Financial wellness, or the ability to live without debilitating financial stress, is integral to an individual’s overall well-being. Many of us aspire to reach a state of fiscal health, which may be why it’s common to center New Year’s resolutions or goals around money. In fact, according to a survey of more than 3,000 adults by Fidelity Investments conducted in October, 65 percent of us were predicted to have made financial resolutions for 2021.
Whether your specific money goal for the year ahead involves increasing your savings, decreasing debt, spending less on Postmates, being able to make ends meet, or anything else, January is a great time for committing to improving your financial picture and (ideally) decreasing your stress and anxiety in the process. Still, such goals tend to be ineffective if you don’t have a detailed plan by which to power them.
One great way to ensure follow-through and success is to work with a financial advisor; another great way is to get free advice from one on the internet. Below Winnie Sun, the financial advisor currently changing my life, satisfies both ways by offering her tips and tricks for setting—and sticking to—your 2021 fiscal resolutions.
How to stick to your resolutions
1. Get specific
According to the Fidelity Investments survey, some have reported success in sticking to past financial resolutions when the resolutions were specific. For example, you could designate a dollar amount or percentage you want to save, reduce your spending by, or pay your debt down by. And if your goal is to make more money, assign a dollar amount or percentage to that, too.
Sun then recommends writing down that specific goal posting it somewhere visible, like on a mirror or on your work desk, to help keep your resolution top of mind every single day of year.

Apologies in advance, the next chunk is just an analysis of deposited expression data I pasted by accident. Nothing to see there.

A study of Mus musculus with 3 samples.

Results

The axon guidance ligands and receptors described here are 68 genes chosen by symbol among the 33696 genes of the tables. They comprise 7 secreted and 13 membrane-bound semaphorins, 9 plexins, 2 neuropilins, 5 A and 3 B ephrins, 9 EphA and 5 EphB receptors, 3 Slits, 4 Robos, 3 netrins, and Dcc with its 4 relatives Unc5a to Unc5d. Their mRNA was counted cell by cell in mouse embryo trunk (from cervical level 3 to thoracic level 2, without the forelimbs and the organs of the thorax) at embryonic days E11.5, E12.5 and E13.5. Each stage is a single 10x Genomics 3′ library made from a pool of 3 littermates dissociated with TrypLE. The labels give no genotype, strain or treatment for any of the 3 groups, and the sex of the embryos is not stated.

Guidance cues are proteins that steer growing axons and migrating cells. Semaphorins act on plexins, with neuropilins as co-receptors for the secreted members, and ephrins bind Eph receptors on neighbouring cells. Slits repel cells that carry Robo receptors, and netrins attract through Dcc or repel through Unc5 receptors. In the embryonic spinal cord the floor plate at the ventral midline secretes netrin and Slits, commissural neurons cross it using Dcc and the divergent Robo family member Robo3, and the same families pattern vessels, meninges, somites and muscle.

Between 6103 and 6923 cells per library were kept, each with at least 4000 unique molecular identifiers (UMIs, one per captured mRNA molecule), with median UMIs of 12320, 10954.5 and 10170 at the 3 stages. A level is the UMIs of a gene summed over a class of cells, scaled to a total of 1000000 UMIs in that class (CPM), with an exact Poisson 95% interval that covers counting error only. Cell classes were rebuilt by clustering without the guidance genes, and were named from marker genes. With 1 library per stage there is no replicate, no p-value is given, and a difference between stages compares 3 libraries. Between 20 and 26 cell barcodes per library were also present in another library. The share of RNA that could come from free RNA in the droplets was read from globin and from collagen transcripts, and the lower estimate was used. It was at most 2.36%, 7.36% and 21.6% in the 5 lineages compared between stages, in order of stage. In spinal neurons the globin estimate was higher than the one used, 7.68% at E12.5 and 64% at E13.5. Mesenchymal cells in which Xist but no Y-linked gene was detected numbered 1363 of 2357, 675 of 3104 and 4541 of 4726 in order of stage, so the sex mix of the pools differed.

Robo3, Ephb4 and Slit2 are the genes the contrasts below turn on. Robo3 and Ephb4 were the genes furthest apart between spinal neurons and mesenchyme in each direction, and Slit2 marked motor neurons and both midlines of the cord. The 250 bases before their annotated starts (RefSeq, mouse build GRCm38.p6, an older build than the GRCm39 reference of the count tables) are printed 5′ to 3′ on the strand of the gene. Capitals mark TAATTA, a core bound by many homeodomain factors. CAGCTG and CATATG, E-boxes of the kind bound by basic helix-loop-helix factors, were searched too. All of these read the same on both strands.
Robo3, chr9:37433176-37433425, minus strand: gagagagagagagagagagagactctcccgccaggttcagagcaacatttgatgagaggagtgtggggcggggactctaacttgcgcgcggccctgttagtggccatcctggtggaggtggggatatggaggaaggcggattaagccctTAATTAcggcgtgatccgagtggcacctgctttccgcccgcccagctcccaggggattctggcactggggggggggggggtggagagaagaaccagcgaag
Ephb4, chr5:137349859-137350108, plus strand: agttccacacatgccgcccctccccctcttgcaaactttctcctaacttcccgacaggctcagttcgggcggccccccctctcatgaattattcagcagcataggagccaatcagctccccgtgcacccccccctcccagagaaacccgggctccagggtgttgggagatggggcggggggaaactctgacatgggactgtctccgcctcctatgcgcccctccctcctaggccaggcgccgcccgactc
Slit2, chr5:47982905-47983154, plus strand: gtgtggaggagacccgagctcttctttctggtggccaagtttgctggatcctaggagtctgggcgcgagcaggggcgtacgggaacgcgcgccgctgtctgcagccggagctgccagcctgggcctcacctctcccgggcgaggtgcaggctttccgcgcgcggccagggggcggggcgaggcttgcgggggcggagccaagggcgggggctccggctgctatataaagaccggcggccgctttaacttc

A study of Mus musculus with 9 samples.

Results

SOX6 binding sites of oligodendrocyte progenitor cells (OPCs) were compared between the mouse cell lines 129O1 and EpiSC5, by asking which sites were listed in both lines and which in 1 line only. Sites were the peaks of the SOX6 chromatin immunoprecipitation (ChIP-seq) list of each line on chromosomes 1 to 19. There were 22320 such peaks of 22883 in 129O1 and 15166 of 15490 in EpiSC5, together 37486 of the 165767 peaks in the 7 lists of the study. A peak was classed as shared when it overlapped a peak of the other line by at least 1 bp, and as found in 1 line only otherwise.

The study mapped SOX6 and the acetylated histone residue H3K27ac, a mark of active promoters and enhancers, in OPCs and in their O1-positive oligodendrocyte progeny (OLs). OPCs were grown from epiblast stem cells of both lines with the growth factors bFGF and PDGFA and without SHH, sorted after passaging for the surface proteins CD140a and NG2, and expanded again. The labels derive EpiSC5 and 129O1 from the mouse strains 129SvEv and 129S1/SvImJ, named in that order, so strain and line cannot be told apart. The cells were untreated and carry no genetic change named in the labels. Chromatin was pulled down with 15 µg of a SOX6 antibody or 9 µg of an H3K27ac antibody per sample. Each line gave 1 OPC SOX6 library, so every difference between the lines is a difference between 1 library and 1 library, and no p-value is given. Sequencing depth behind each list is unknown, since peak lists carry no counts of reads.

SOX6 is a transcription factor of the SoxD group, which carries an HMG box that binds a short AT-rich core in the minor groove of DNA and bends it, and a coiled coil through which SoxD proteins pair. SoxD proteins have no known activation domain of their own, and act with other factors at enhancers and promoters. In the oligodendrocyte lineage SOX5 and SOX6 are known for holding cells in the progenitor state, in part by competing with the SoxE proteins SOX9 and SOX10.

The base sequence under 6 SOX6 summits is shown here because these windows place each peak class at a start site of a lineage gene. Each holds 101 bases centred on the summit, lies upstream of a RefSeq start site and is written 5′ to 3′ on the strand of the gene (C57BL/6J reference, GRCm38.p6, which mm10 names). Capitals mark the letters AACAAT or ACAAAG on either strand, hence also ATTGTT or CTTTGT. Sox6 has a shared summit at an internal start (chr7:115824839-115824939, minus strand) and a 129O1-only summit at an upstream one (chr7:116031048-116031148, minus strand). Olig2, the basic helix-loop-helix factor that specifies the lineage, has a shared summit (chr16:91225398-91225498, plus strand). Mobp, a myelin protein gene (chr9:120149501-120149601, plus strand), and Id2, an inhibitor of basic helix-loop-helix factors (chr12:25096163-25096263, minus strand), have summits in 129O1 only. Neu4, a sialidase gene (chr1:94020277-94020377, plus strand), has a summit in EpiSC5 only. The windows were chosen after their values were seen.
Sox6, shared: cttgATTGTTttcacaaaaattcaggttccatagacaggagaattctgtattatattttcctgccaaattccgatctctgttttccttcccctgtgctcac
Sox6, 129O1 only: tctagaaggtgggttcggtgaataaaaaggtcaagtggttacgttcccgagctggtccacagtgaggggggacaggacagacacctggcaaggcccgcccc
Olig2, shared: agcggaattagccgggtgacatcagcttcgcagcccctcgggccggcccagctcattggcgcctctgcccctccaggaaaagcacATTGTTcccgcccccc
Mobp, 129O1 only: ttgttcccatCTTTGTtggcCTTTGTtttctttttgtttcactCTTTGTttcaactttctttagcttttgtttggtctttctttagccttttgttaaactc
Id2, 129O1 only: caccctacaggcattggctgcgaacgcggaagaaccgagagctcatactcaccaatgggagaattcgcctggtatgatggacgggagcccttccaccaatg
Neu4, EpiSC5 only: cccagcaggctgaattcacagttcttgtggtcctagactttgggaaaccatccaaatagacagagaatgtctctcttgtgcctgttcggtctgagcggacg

From there, to make bigger goals achievable, you’ll want to break them down into smaller, micro-size goals, too. That way, your brain gets a hit of the happy, motivating neurotransmitter dopamine with every small success, which keeps you pushing towards progress.
2. Be realistic (but also, push yourself!)
For instance, don’t do like I do each year and resolve to have six figures saved by December when your current savings is basically nonexistent and your income isn’t expected to skyrocket. Committing to a goal that isn’t tied to a realistically achievable blueprint can often mean setting yourself up for failure, making letting yourself off the hook that much easier.
Win’s advice? Before assigning a percentage or amount, talk to a financial advisor or assess your financial picture. Then set goals you know you can start working towards achieving immediately. So, let’s say you want to save $10,000. Work backwards from there to figure out how much less money you’d have to spend each month to accumulate those savings, and then see if that’s feels doable to you. If it’s not, lower your goal.
3. Reward yourself
Regular rewards are important if you want to see yourself through to a goal and then repeat similar goal achievement in the future.
“It’s really important to celebrate when you make a win…those that do so are consistently much happier people.” —Winnie Sun, financial advisor
“It’s really important to celebrate when you make a win…those that do so are consistently much happier people,” Sun says. “So if you’re really good about not spending more than $100 on splurges for the month, you have to make sure you have a celebratory [non-costly] event. Otherwise you’re not going to want to repeat that exercise.”
If can’t make any financial resolutions for 2021, that’s okay, too
For a lot of people, setting financial goals for 2021 is not possible right now. 2020 was a tough year, to say the least, and as a result savings might be a serious pipe dream. “The most important thing to focus on right now is survival,” says Sun. “Don’t overstretch yourself with resolutions—those can wait.”
Sun also notes that if you’re in trouble financially, some of the best aid you can access is likely to be found at the local level as opposed to the federal (the paltry stimulus checks are hardly enough to live on, for instance). In some cases you might be able to get help paying things like rent and even utilities through local programs and grants. And in the meantime, she says it’s important to be kind to yourself. “Give yourself grace,” she says. “The important thing right now is just figuring out how to get by week by week.”